By Carol Stiffler

In a place where winter consumes half the year, ice fishing is perhaps even more traditional than apple pie. In Curtis, where South Manistique Lake recently froze over, a few anglers have already ventured onto the ice (a risk that is currently ill-advised due to the warm weather we’ve had since).

Ice fishing is a way of life, and it’s one that gets passed down from generation to generation. Curtis resident Dan Duberville is helping. He organized an ice fishing event originally called Dan’s Fish Coop that became so popular it evolved into the Curtis Winter Carnival. Up to 1,200 rainbow trout were loaded into an underwater “coop”, a 50-foot-by-50-foot enclosure, and kids caught them left and right. In the fishing competition at the end, kids won massive prizes. In 2006, the young winner got a fishing boat complete with a motor.

After a hiatus of more than a decade, Duberville is recruiting a team to revive the fish coop.

“People wanted us to start it back,” Duberville said. “People used to bring their kids, bring their grandkids, and help.”

A group of nearly 20 volunteers and supporters met Saturday evening to learn details of the revived fish coop event and learn how they can help.

The newly coined Curtis Lions Kids’ Fish Coop begins at 9 a.m. on Saturday, February 17 on South Manistique Lake. That’s President’s Day weekend and Free Fishing Weekend. The Manistique Lake Lions Club is assisting as host sponsor, sharing their non-profit status and funds for the event are directed their way.

It’s all for the kids, Duberville declares – every bit of it. The event requires many helpers and a large amount of cash, but doesn’t make money. Any leftover funds get set aside toward the next event, which costs thousands of dollars in fish alone. The goal is to give kids a good ice fishing experience, maybe even launching a new winter hobby.

To make it fun, the fishing is easy. The rainbow trout are captive under the ice, locked in an enclosure with four fence walls and a floor. The coop structure freezes into the ice after it’s installed, and Michigan State Police divers swim underneath to make sure there are no gaps in the fence that would allow fish to escape.

A heavy majority of the fish are caught during the event, and fellow event organizer Rich Blank estimates that 15 percent of the fish are set free at the end.

This year, a hot air balloon will be on the ice, offering tethered rides as long as the wind holds off. More than one thousand rainbow trout, and a smattering of golden trout, have been ordered. Duberville is planning to make a 16-foot fish pinata for kids to smash. Winter fireworks may light up the sky – that’s to be determined. But ice fishing is the main attraction.

Each fish in the coop will be a “keeper”, guaranteed, and some will be whoppers. Duberville said some fish will measure 24 inches in length.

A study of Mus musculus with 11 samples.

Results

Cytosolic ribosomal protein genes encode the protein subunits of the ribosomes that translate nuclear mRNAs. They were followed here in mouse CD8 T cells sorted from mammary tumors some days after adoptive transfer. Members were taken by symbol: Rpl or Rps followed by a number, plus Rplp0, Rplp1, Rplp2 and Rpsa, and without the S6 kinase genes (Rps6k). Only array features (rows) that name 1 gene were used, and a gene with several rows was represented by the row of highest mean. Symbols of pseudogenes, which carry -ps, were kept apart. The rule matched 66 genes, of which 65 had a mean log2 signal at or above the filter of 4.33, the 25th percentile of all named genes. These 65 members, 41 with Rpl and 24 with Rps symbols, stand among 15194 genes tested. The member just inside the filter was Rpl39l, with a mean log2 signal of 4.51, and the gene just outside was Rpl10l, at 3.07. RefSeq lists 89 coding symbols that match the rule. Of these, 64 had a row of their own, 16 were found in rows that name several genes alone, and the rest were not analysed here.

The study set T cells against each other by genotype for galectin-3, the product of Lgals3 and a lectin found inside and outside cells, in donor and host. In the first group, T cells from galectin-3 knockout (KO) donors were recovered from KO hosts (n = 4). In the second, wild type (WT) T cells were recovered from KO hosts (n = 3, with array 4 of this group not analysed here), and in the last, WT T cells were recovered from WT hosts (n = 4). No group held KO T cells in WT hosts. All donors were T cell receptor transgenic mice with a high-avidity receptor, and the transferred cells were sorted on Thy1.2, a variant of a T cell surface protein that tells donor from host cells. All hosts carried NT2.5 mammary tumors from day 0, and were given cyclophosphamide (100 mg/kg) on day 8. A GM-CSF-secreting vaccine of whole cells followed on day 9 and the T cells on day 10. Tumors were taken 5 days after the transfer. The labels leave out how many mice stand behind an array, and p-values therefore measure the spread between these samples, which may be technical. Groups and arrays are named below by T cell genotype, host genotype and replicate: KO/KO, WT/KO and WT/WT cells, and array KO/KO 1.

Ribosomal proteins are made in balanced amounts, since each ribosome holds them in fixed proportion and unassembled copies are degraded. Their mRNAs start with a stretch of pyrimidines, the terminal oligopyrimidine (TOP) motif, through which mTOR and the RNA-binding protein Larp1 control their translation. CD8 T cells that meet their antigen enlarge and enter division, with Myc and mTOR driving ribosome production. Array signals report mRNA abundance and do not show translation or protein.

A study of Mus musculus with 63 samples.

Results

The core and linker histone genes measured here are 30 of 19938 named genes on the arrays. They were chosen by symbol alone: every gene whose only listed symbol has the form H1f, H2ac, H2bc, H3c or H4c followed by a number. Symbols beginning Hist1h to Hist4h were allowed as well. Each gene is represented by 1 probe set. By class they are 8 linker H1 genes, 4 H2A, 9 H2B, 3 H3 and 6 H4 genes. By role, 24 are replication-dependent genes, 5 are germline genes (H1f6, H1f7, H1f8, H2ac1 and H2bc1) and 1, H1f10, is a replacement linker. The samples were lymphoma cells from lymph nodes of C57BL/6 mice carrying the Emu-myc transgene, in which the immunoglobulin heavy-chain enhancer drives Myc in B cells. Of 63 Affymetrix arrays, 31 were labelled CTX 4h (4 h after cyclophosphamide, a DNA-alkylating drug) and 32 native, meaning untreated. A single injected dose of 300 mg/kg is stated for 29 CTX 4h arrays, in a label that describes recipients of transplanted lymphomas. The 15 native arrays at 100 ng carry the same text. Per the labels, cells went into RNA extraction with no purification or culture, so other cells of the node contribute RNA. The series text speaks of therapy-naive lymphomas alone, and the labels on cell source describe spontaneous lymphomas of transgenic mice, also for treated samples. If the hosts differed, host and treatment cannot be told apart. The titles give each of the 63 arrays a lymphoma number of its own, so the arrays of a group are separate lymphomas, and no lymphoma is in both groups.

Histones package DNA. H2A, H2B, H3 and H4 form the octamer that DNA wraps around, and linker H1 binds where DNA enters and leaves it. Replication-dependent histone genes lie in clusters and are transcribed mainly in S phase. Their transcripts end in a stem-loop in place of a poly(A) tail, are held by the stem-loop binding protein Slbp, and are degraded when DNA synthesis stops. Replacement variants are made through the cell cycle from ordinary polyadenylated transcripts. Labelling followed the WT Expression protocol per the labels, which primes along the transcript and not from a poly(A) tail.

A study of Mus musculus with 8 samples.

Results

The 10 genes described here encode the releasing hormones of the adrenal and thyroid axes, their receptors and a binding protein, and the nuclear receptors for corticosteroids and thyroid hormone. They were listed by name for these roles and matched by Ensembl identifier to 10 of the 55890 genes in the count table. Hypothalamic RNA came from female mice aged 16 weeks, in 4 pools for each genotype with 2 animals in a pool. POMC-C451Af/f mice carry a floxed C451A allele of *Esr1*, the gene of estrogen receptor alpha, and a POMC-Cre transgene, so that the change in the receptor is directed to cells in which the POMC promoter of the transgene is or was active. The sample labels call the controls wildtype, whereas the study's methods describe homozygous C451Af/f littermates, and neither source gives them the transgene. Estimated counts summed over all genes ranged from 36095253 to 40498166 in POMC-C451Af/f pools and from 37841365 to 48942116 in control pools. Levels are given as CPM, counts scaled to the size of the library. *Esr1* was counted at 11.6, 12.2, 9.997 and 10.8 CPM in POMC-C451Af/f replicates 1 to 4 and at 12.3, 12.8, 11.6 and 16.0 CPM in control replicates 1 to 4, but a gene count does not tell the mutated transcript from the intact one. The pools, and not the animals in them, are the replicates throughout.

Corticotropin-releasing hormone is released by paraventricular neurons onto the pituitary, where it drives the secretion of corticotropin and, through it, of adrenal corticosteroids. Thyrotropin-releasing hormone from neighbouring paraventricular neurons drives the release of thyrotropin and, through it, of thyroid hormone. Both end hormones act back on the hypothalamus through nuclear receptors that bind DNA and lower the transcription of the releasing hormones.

Rainbow trout don’t naturally exist in South Manistique Lake, and these newcomers will be certified sterile fish. Stragglers that evade being caught during the event will be released into the lake, where anglers will be amazed at their catch on some future date.

For now, though, the focus is on the planning. Duberville is securing cash contributions and seeking prize donations. An auction is scheduled for January 13, 2024 to bring in more funds.

“It takes a lot of volunteers to do this,” said Blank, owner of Curtis Motor Sports. “It takes 20 to 30 people to set the fence [coop]. It’s a big job. You have to stand up 200 feet of fence, cut the ice, drop the fence in all the way to the bottom, a little at a time, until it settles in.”

He’ll be there, as will Jim Anderson, whose front-end loader once went through the ice while at work for the event. It was retrieved within hours, and still runs just fine.

Other former coop volunteers have passed away over the years, and new ones are needed to fill their shoes. Duberville is looking for people with the heart of a servant, who can get on board with giving this day to the kids.

“I’m just trying to make this thing happen for children, and most of all, for the glory of God,” Duberville said. “It’s not about me, it’s not about you; it’s about these children, and most of all, that God gets the glory.”

People or businesses that have items to donate for the auction can drop them off at Curtis Motor Sports, just east of the Sa-Wa-Quato Inn on Main Street in Curtis. All items (except clothes) are welcome. Monetary donations can also be mailed to Curtis Motor Sports, PO Box 127, Curtis, Mich., 49820 Attn: Curtis Fish Coop. All proceeds go toward the purchase of fish and prizes.